The Ultimate Quest
The adage of never judging a book by its cover was never truer than with The Ultimate Quest by William Lynhope. The forest scene daubed in primary colours creates an expectation of something similar on turning the page.
The harsh reality of the interior is 50 pages of unremitting grey text as a grey man meets with a grey lawyer and his blonde assistant. Make it through the story to the clues that supposedly lead to the Holy Grail and you’re rewarded with grey photos of a Michelin road map of France and a copy of The Burlington Magazine. My excitement is barely contained!
Published in 2001, The Ultimate Quest is the search for the Grail. The first person to locate the Grail Keeper and answer his questions three (no, five!) would receive a “priceless” replica of the Grail itself. In 2011, the publishers admitted defeat and closed the competition, never revealing the solution.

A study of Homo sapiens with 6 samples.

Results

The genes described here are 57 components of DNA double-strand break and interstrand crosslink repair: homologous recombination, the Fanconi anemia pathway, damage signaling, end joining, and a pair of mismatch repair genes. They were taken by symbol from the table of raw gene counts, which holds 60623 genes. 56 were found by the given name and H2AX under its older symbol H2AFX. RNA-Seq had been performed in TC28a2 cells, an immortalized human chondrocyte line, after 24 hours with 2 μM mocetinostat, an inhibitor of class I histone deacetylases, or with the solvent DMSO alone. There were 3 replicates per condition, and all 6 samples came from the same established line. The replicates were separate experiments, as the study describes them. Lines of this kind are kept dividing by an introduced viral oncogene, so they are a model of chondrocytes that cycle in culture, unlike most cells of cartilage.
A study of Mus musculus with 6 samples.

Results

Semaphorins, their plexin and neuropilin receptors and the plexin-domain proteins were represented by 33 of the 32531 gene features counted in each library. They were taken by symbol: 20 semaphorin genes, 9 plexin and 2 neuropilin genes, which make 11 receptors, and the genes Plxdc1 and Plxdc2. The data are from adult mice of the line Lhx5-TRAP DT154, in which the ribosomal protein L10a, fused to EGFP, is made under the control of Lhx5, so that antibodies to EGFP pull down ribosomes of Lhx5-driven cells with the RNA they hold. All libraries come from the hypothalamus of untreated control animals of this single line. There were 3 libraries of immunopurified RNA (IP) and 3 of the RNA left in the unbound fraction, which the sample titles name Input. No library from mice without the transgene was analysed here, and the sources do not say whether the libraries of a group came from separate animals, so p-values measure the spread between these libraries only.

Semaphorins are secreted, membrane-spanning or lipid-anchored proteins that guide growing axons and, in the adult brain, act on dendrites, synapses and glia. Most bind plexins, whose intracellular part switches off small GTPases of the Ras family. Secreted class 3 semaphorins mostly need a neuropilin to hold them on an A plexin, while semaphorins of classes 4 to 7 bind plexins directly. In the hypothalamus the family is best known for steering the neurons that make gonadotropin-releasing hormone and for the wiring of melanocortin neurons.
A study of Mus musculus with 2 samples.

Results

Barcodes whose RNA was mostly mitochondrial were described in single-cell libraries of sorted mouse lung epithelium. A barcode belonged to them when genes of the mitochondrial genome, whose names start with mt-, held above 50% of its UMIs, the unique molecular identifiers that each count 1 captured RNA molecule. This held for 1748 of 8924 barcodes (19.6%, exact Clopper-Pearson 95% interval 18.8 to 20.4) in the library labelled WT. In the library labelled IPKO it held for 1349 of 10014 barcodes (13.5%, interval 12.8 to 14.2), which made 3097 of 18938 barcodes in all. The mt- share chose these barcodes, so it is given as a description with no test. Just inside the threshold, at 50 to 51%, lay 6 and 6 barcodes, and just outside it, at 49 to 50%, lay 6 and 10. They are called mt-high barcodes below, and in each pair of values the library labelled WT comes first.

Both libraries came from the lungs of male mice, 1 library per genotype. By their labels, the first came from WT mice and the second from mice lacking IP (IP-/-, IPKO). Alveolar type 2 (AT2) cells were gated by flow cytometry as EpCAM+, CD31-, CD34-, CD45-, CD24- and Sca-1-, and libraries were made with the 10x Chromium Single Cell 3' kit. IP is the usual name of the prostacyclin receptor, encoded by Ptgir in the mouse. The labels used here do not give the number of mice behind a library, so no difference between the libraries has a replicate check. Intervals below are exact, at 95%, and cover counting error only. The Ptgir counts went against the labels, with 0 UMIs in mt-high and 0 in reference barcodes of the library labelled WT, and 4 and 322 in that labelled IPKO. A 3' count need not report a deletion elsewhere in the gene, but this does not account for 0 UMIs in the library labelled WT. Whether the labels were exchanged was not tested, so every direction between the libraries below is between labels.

The puzzle is a combination of code-breaking and cryptic clues. A little searching on the Internet reveals that nobody has much idea of the solution and the pieces that have been decoded hint at a level of ambiguity that probably renders the puzzle impossible.
This 2012 interview with the author suggests he is something of a strange chap and believes he really has been given an important and secret message that he has to share cryptically with the world, but only with those who are worthy. Or perhaps this is just some infuriating marketing scheme to try to keep up interest in the book.
Whatever the truth of the puzzle or its author, the book is one to avoid.